20 September 2016, 10:00 | Written by Laurence Day

Pixies guitarist Joey Santiago tells Best Fit all about making new album Head Carrier and having the confidence to be true to themselves.

Was Indie Cindy ever thought of as a one-off, or was it always the plan to come back and stay back?

We knew we were gonna make another one at some point. We'd already been talking about what came next before Indie Cindy was done – there weren't plans at that time exactly, but we were discussing how we'd record it. There were concepts.

After Indie Cindy being the 'comeback', did you feel liberated from the expectations of a return?

I won't be shocked if the reviews are negative of Head Carrier. With Indie Cindy, we were expecting that. We were expecting... weird... reviews. First of all, Kim [Deal, longtime bassist/vocalist] had left the band, and then we were exploring unknown territory to us, sound-wise anyway. We took a risk. I guess the musical risk was the one that we knew we would either get slayed for it or people would go 'yay, be adventurous!'. We had to do that to get to the place we could do Head Carrier. Indie Cindy was an album that had to be made.

How did Head Carrier come together?

We got together for like two weeks, bashed out some ideas, and then tried to figure out which songs we had were worth working on. We went through everything, and then worked on the ones we loved until they were perfect. Then we demoed them all. We gave the demos to [producer] Tom Dalgety, and then went to Bath, where he's from, did two weeks of pre-production and then recorded in London in three weeks.

Was there anything you particularly tried to do differently with this album?

The original concept I had that I told Charles [frontman Black Francis] was to go back to acoustic and electric. For a while. It was going to be a more simple and direct record – if there's one thing I was trying to do on this album it was embrace the past and own it. It's fun! It's fun to be myself. That shit's cool – I love who we are.

You don't often hear people talk about embracing the past.

We did look into the future... that was the risk with Indie Cindy. That was the conundrum when we started that album: look into the future or go back to the past. Seeing as it was the first record since the reunion, we thought we'd explore the future. And we did! We successfully did it. But for Head Carrier we're just going back – initially I was like 'I don't wanna go back, I don't wanna go there...' and it wasn't until we were in Bath that I really felt comfortable with what we were doing on this record.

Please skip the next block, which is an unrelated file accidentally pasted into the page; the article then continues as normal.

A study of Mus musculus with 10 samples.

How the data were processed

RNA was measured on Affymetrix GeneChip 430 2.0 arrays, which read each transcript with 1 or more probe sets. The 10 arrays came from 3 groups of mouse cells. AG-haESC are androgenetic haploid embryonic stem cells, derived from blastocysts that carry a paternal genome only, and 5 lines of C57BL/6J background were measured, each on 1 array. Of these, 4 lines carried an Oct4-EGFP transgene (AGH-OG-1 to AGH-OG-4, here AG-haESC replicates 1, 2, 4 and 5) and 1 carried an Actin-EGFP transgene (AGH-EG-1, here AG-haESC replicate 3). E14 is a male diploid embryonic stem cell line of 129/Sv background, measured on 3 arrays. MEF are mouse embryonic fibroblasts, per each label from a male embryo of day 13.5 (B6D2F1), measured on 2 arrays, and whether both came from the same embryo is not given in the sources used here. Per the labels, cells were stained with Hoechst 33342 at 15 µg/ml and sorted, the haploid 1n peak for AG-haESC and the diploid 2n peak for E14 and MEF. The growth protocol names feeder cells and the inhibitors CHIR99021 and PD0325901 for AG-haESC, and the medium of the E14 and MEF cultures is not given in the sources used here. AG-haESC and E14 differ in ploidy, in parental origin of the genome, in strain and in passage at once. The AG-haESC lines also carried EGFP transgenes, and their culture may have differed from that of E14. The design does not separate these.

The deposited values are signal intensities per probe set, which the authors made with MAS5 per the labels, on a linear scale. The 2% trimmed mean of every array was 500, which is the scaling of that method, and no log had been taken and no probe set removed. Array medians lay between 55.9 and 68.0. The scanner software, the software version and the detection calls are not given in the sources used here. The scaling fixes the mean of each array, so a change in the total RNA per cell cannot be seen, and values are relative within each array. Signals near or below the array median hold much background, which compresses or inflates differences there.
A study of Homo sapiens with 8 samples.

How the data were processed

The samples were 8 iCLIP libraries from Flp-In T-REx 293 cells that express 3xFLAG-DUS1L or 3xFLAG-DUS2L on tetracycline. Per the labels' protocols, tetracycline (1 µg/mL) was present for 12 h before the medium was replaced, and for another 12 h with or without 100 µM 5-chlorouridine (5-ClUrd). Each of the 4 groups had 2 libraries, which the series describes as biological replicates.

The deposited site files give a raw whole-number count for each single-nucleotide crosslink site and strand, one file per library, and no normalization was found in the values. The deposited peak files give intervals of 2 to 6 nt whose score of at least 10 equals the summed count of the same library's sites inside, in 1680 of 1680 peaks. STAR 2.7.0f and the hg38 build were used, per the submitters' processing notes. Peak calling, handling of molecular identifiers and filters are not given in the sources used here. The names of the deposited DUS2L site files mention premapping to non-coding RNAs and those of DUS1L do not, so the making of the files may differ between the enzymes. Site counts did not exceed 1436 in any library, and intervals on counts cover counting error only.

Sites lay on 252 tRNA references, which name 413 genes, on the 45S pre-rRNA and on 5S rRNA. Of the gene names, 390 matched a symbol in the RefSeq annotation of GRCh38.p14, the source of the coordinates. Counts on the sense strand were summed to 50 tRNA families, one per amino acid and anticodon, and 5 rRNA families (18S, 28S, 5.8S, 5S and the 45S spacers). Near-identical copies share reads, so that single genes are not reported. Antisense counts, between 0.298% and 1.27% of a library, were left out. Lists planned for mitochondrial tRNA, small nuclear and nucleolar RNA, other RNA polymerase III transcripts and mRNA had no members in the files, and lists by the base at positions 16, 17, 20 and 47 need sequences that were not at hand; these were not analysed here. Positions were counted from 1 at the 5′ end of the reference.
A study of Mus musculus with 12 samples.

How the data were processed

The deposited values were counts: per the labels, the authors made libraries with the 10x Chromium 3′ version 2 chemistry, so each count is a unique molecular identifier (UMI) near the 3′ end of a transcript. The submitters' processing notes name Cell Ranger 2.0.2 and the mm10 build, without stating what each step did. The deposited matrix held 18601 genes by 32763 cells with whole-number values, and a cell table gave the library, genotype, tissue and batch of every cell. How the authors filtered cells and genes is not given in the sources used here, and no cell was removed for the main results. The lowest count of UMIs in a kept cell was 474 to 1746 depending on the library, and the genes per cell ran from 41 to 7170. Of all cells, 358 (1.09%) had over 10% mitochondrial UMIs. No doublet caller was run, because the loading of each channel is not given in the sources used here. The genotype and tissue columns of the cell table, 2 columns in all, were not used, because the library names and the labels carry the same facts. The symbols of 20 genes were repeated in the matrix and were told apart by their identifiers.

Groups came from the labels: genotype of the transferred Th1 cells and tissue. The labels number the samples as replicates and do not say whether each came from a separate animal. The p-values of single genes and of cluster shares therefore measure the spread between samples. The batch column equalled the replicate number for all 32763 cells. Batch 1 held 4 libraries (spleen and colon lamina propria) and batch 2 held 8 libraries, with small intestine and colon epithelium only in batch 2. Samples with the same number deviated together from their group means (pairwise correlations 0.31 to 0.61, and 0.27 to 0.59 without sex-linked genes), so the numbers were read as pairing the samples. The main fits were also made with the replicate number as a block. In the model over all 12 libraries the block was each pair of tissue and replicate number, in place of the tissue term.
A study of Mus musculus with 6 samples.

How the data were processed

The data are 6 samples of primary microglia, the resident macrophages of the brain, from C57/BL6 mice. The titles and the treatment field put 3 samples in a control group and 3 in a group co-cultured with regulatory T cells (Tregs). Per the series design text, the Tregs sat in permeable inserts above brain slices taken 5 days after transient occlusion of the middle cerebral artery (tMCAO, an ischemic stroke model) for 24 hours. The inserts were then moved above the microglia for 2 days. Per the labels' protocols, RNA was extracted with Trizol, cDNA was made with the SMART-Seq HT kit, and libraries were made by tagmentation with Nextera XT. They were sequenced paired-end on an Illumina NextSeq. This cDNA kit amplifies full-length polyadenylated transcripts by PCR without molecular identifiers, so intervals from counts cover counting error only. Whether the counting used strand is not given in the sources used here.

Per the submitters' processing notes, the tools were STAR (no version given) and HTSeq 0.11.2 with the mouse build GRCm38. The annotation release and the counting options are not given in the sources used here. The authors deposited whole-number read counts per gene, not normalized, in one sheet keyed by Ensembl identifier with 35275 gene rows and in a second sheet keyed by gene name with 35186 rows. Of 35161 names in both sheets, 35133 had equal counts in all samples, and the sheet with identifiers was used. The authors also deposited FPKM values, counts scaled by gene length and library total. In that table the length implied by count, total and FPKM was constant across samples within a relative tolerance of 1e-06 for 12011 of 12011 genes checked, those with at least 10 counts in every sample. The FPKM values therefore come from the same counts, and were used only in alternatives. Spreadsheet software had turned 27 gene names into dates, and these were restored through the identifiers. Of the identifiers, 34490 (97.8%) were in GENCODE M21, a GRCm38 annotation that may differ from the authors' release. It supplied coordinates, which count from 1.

Head Carrier feels lighter and more relaxed than a lot of Pixies material – why is this?

I can definitely see where you're coming from, and I think that's because we were exactly that: more relaxed, having more fun. We were happy. I mean there are dark moments on the album, but it does sound jubilant – like joy. It doesn't sound like a pop record though! I think the most important thing was that our personalities really shine through on Head Carrier.

What is Head Carrier about for you?

For me, it's just about embracing the damn past – the way I play... fuck it. This is what I am and this is who I am.

I'm really proud of it. Very proud. The amount of work we put into it and the amount we persevered without Kim Deal... there were too many obstacles to overcome to make this record. I think it's great and it means we've persevered through a bunch of stuff.

There were a few big personnel changes to the Pixies mix for this album. What does Paz [Lenchantin – bass/vocals] add?

She adds that lightness... that fun. She's very, very talented – plays practically every instrument. She's got a great taste in music. When we were making Head Carrier we'd all stop at 8pm every night and we'd make dinner, hang out at least until midnight... once the latest we went was 5am... and we'd talk and we'd listen and we'd listen to music. That was the thing we'd do – listen to music and talk to each other.

Was there ever any apprehension about joining a fully formed project like Pixies? Did she, or you and the rest of the band, have to adapt?

No, no, no. We'd already been touring for three years with her and she already knew... she didn't have to know. She came in as the perfect fit. None of us had to change anything.

The other big difference was working with Tom instead of [longtime producer] Gil Norton.

It exceeded its goals. We wanted to get out of our comfort zone and have another person's input on production. He fit right away – he was a weird guy, and we're weird. We all got along. It was great working with him and I'd do it again.

What's next for the Pixies?

The Pixies are a band again. We'll play live. We'll record a record, at some point, and play live again. That's the plan. We're already booking tours around the world. That's our plan.

Head Carrier is released 30 September via Pixiesmusic/Play It Again Sam.

This interview took place prior to Santiago entering rehab for "alcohol and drug issues" last week. We wish him a speedy recovery.